Monday, 22 October 2012

My latest article: King Olav and his son’s marriage

What has attracted most interest after the publication of Ingar Sletten Kolloen’s authorised biography of the Queen, Dronningen, on 10 October, is probably her own version of the nine long years she and the current King had to wait for King Olav’s consent to their marriage. Today I have written a short piece in Dagsavisen, where I argue against that newspaper’s claim that it was King Olav’s reactionary ideas and his enlightened despotism that were the reasons for the long wait. On the contrary, I argue, it was his concern for public opinion and the future of the monarchy that caused the long wait. Public opinion was at first strongly opposed to the Crown Prince’s marrying a commoner, wherefore King Olav had little choice but to wait and see if public opinion became more favourable with time – which it did, so that the King in 1968 finally risked giving his consent. You may read the whole comment here (external link).


  1. That is an interesting comment. I wish I knew more regarding this period of the couple's lives and the controversy concerning their relationship, but I have not been able to find very much information (English-language, at least).

    It would be interesting to know the reasons for public opposition to the marriage, given that the Scandinavian countries today possess a reputation for egalitarianism. I also wonder whether the reaction would have been similar had Crown Prince Harald wished to marry, for example, a descendant of the former nobility or a member of a very wealthy family (I am uncertain as to whether Sonja's family fell in this category).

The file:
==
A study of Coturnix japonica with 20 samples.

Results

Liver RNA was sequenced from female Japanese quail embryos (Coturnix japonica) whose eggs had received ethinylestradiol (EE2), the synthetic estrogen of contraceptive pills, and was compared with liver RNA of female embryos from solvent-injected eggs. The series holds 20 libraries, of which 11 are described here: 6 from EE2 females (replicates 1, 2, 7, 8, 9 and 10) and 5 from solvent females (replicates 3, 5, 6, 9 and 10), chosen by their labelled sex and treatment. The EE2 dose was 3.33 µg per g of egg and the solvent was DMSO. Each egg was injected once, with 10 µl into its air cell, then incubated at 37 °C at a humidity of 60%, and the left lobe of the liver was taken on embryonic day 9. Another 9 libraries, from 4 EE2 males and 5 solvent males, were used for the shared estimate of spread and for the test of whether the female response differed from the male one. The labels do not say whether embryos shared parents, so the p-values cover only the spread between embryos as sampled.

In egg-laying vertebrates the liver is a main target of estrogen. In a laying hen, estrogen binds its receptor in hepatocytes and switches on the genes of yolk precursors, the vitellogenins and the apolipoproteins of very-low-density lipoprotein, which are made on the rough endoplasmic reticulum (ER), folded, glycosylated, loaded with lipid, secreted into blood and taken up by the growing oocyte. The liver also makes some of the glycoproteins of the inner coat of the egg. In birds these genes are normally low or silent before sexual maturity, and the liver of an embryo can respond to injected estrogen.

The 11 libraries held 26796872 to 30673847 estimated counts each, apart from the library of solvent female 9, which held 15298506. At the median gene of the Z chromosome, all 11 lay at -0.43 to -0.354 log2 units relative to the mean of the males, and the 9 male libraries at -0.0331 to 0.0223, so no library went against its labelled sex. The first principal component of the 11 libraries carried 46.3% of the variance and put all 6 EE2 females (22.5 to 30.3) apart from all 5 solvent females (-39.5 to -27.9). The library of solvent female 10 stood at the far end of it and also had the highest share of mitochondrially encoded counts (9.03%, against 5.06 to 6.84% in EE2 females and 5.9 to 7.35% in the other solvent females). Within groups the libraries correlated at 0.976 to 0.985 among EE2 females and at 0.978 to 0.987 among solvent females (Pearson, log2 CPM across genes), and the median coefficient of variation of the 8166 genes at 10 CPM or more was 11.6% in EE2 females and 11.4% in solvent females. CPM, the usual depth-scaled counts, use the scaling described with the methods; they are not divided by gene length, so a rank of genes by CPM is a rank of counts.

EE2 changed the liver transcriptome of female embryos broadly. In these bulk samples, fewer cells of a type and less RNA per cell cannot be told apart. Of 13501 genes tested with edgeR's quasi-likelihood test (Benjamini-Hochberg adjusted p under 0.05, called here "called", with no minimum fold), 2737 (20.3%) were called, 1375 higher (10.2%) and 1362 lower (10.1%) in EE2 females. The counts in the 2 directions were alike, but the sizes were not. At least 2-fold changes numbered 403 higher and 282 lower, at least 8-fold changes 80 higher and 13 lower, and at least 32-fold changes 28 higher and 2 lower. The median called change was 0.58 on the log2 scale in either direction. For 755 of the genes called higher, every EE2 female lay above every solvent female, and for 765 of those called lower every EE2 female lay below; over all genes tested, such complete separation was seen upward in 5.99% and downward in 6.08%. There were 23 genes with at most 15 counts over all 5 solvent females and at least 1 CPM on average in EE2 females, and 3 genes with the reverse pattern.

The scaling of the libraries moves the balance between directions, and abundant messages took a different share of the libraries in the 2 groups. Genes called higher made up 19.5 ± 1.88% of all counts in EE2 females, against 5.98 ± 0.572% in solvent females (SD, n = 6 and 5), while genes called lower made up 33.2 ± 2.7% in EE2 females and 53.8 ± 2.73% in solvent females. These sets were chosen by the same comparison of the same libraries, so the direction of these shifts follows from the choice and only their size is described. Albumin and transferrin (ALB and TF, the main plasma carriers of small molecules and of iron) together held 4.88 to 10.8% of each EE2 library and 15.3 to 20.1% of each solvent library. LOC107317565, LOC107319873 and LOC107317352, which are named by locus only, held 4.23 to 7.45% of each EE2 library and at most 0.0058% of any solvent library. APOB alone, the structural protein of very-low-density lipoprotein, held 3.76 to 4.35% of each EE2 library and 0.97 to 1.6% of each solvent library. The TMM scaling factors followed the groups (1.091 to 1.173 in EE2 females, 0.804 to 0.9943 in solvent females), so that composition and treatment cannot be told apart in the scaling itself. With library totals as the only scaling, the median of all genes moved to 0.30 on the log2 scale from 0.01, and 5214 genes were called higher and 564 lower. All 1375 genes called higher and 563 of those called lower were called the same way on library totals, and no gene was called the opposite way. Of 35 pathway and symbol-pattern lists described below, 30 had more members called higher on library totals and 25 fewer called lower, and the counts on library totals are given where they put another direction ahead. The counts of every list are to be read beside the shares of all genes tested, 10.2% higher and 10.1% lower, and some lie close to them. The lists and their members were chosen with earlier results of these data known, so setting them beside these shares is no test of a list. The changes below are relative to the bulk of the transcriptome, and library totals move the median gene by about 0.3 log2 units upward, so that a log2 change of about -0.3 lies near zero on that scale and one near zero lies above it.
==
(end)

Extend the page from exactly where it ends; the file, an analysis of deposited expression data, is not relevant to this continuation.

1. The reasons for the opposition seem to be quite simply that it was unusual for royals, and heirs to the throne in particular, to marry commoners. Thus such a marriage would not be what people expected. That other (foreign) heirs to the throne married non-royals in the meantime probably helped pave the way.

      Class is not much of an issue in Norway, but I would place the Haraldsen family somewhere between affluent (but not *very* wealthy) upper middle class and upper class. With a handful of exceptions (those two or three people who retain the family estates) members of the former noble families live completely ordinary lives, so I cannot imagine that would have mattered the slightest (although the question is of course hypothetical).

      A recurring objection against royals marrying commoners back then was that the in-laws would become some sort of "half-aristocracy", which one obviously did not want (as we know, that did not happen and with the exceptions of Ari Behn, the late father of the current Crown Princess and the ex-step-great-niece of the current Queen they have all been very discreet).

    2. Thank you, Trond. It does seem that the public opposition in Norway was of the sort that would naturally dissipate with the passage of time and the occurrence of similar marriages.

      I inquired about the former nobility as it appears that male-line descendants of European royal and noble families tend to be treated as if they were royal or noble still. For instance, the marriages of Prince Gustaf Adolf and Princess Birgitta of Sweden to Ms. Sibylla Prinzessin von Sachsen-Coburg und Gotha and Mr. Johann Georg Prinz von Hohenzollern, respectively, were deemed equal marriages under the Act of Succession,and were publicly perceived as such.